By Adam Gretz | Hockey writer
The biggest problem for Guy Boucher's team is they just don't generate enough shots. (Getty Images)

The Tampa Bay Lightning stormed out of the gate this season winning six of their first seven games and looking like a team that could contend for the Southeast Division title. And who knows, maybe they still will.

But since that fast start, the bottom has completely fallen out from under them. They enter the weekend riding a six-game losing streak that continued on Thursday with a 4-3 loss to Washington.

So what happened to the Lightning in such a short period of time?

Well, it's not so much that they suddenly got worse; it has more to do with the fact that they simply weren't as good as they appeared to be over the first two weeks. They were a team that was riding some ridiculous percentages that simply weren't going to last.

It was a mirage.

Percentages can tell you an awful lot. You can expect that every team in the NHL will finish the season with a shooting percentage somewhere between 7 and 10 percent, with the very rare team topping out at 11 or 12. But those teams are few and far between.

Just as a reference point, here are the low and high team shooting percentages dating to 2005.

2005-06 -- Low: 8.3; High: 11.4
2006-07 -- Low: 8.6; High: 12.3
2007-08 -- Low: 7.8; High: 10.8
2008-09 -- Low: 7.5; High: 10.9
2009-10 -- Low: 7.5; High: 10.6
2010-11 -- Low: 7.0; High: 10.4
2011-12 -- Low: 7.5; High: 10.5

That's not a huge gap, so it's probably in your best interest to create as many shots as you can and control the puck more than your opponent. If you see a team over an extended period of time that is shooting well above or below that range, you can expect them to regress back (or up) to the pack very, very quickly.

And that brings us to the 2013 Tampa Bay Lightning, who have done just that.

Let's look at the first seven games (when they were 6-1-0) compared to their most recent six (when they are 0-5-1):

Tampa Bay Lightning: A Tale Of Two Teams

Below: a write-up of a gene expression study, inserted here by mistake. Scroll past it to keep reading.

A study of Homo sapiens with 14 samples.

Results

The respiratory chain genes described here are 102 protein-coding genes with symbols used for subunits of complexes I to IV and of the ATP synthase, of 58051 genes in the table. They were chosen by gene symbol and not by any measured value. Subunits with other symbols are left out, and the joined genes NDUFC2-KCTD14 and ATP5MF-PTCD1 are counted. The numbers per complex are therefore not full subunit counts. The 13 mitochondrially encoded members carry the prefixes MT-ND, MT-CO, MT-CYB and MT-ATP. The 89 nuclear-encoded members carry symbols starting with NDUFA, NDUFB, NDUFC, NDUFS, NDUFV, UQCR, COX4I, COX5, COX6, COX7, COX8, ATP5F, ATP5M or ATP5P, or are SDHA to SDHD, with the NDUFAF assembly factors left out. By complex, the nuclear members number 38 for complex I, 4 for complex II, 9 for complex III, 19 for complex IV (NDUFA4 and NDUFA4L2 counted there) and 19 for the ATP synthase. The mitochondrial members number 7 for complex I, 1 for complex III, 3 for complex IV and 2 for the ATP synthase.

GamesGoals ForShots ForShooting %Goals AgainstShots AgainstOpponents Shooting %
1-63720118%182288%
7-13121478%2118611%

Regression to the mean. It's just the worst.

Teams (and players) have hot and cold streaks throughout the season. One of Tampa Bay's hot streaks just happened to come in the first six games when everyone would notice it and start to believe they were a different team. The fact is no team converts on 18 percent of its shots over an extended period of time, and it was only a matter of time until some of that shooting luck dried up.

And when it did, they were playing with fire.

Tampa Bay's biggest problem is it just doesn't generate enough chances or shots in volume (while giving up far too many) to make the team a serious threat. The Lightning have been outshot in nine of their first 13 games and are just 25th in the NHL in shots per game. They're allowing the fifth most per game. That's a devastating combination for a team, even one that has Steven Stamkos and Martin St. Louis stomping all over opponents on their top line.

It is possible for shot totals to sometimes be misleading (and I've written about this recently). A team that's always winning by one or two goals late in the game will sit back and not take as many chances, while a team that's trailing by two goals in the same situation will be more desperate to get pucks at the net and shoot from everywhere. As the lead increases and it gets to be later in the game, these trends become even more noticeable. To eliminate those factors, you can look at how many shots a team is attempting when the game is tied or close, when teams are, in theory, playing within their system.

In these situations (that you can track at behindthenet.ca), Tampa Bay currently ranks 29th (close) and 28th (tied). Again, this is not good.

If the Lightning wants to get back to winning consistently, they can start by putting themselves in position to create more shots for themselves, allow fewer shots from their opponents and not have to rely on unsustainable percentages.

Until they do that, you shouldn't expect much to change when it comes to the win-loss column.

For more hockey news, rumors and analysis, follow @EyeOnHockey and @Agretz on Twitter and like us on Facebook. Also, subscribe to our YouTube Channel.